When first seeing a therapist or psychiatrist, a diagnosis is usually determined. It can cause a lot of uncertainty and the possibility of not knowing what the diagnosis means or what to do with what has been told to you. When this occurs, it tends to change our lives and the lives of the people we use as supports. Being able to not allow the mental health diagnosis drive our life, but instead for us to think of it in a positive light.
Moving forward in your mental health:
Be open to differences.
When we are first diagnosed with a mental illness, there are a lot of changes that occur: maybe medications, adding doctor’s appointments in, having to learn coping skills, etc. But also thinking about what we were doing before the diagnosis: what changes were going on in our lives? Career? Moving? School? Family? A bunch of changes have happened in your life, but why are we allowing our mental health to make it any different? Be open to change and the differences that you are not going to encounter.
Accept it, but do not let it define who you are.
There is nothing to be ashamed of if you have a mental illness. Do not be afraid of being you. You have to accept that this is something different that is going on in your body and mind. Reaching out for support from a trained specialist and leaning on your support system will make this a lot easier. Do not allow “anxiety” or “depression” to define you and control who you are around others.
Learn about it.
Being diagnosed with a mental health concern leads to a lot of questions — it is like hearing a foreign word at times. Do your own research. Ask your therapist or psychiatrist for more information about the diagnosis and what it means.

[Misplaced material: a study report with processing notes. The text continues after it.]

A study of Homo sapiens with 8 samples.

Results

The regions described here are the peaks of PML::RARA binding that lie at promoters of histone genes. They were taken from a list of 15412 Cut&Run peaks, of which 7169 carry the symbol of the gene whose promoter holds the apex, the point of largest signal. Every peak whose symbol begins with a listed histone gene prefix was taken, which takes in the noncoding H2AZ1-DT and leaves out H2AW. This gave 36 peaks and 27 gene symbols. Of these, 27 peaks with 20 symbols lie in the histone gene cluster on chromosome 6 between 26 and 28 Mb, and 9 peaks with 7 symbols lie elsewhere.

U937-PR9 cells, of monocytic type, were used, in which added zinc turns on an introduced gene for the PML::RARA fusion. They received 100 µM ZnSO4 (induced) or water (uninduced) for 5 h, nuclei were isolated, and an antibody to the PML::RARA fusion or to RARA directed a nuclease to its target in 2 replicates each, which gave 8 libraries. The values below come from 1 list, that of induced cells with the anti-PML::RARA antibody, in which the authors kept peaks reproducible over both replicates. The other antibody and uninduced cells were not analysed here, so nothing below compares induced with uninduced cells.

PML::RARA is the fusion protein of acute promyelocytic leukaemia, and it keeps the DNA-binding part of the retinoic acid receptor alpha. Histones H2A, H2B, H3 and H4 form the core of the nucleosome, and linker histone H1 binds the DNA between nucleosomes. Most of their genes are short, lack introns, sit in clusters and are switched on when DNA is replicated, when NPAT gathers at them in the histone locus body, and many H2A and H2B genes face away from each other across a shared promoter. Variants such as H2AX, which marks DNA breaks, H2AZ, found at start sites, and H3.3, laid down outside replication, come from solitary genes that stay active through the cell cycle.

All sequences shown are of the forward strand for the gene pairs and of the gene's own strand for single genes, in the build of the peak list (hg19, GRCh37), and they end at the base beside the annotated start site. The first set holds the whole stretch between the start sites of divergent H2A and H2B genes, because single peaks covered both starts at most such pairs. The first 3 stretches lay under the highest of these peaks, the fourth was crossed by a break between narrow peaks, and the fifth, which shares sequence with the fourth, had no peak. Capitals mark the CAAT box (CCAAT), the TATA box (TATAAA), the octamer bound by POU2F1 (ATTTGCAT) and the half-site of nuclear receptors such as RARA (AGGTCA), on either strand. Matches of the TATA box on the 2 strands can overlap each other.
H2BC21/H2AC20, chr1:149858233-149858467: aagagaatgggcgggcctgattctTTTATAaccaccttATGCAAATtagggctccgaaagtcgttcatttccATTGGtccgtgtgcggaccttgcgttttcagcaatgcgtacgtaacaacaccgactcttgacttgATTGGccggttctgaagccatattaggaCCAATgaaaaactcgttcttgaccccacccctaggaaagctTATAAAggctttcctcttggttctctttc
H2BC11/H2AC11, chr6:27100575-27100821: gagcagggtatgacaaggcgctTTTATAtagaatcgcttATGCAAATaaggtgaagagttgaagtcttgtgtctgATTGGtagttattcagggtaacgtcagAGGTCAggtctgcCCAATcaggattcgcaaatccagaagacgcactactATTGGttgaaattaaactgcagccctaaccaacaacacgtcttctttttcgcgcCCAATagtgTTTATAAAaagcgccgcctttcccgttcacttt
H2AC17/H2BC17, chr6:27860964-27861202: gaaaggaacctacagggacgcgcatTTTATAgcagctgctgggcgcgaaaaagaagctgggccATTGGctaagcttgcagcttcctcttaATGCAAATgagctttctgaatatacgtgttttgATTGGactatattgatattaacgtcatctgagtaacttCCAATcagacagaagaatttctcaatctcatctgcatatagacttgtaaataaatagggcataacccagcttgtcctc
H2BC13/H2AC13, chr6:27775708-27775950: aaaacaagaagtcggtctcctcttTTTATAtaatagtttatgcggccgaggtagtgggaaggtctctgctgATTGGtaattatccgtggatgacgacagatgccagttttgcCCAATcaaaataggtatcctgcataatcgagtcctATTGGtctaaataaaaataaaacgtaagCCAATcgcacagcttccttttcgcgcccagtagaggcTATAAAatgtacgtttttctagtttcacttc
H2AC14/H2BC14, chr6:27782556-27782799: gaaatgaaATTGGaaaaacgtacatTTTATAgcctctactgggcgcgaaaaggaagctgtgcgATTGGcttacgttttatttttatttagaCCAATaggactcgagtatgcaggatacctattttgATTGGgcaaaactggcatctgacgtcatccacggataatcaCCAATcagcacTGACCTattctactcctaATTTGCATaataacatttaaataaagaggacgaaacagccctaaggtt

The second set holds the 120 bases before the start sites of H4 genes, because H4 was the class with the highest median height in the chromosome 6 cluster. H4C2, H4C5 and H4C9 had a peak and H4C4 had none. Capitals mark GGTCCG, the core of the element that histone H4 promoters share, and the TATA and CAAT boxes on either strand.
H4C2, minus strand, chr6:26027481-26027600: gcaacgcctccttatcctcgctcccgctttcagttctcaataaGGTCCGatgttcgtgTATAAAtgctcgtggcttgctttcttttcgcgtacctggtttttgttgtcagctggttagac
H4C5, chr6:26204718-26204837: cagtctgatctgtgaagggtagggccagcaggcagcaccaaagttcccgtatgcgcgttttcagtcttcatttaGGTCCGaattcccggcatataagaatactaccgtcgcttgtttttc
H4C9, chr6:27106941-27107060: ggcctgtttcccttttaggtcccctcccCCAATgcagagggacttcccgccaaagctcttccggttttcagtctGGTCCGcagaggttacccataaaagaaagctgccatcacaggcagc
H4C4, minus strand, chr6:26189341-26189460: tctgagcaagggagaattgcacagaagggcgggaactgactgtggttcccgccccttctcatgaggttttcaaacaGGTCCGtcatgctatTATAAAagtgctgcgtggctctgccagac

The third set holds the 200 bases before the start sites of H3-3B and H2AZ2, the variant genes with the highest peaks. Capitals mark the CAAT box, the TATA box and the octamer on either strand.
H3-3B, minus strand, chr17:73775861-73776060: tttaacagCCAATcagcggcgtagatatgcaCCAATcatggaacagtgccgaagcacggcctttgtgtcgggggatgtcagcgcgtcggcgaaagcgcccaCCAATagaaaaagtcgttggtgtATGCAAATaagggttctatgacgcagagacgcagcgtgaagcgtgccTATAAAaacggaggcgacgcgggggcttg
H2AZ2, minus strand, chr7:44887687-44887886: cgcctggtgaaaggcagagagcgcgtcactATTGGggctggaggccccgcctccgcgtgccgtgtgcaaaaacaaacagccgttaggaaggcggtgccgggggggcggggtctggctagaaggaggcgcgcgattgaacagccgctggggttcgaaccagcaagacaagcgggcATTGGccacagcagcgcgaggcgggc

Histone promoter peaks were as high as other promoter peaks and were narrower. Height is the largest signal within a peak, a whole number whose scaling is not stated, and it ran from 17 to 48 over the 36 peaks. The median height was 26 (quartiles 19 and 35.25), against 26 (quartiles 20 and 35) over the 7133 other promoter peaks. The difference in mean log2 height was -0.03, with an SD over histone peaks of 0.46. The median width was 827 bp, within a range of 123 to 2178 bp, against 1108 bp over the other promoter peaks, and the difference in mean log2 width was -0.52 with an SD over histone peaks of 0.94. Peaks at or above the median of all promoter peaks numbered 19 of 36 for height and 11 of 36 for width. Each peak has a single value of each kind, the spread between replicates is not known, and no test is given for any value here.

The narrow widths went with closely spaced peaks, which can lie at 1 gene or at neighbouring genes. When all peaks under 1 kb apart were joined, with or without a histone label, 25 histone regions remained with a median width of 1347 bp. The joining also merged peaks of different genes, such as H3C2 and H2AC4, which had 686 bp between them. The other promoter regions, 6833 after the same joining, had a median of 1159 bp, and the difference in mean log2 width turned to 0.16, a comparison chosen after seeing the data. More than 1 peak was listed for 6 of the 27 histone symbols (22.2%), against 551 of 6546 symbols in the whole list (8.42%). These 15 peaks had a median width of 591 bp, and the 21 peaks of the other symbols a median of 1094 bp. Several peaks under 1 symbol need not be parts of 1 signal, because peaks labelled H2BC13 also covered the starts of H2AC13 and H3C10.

Trust the only person you can 100% — YOU.
You are the only one who can tell your psychiatrist or therapist how you are feeling. You are the only one who knows what is going on in your mind. I tell my clients all the time, that to achieve the best results in therapy is by being honest with me. I believe what you say and if you are saying that everything is fine, that is what I believe. People can tell you how you are acting, but no one knows how you are actually feeling. Trust yourself. Trust your emotions. Trust your behaviors. Trust your mind.
If you have read my other blogs, I am a huge proponent on self-care. Self-care is the biggest thing that can help you throughout anything (with or without any diagnosis). Being good to yourself. Often times, we are taught to care about other people and put other people’s thoughts and feelings before ours. What about yourself? When was the last time you actually did something good for yourself?
Having a positive mindset throughout all of this important. You are the only one who can be resilient and strong throughout this process. Be true to yourself. Be honest. Understanding that there will be some days that will be tough, but there are also good days to follow. The journey is not easy, but it is do-able.
If you have recently been diagnosed with a mental health disorder and have questions/concerns of how to deal with it, please reach out to any of our highly trained therapists to help you. Remember, you are not alone, and it is okay to ask for help!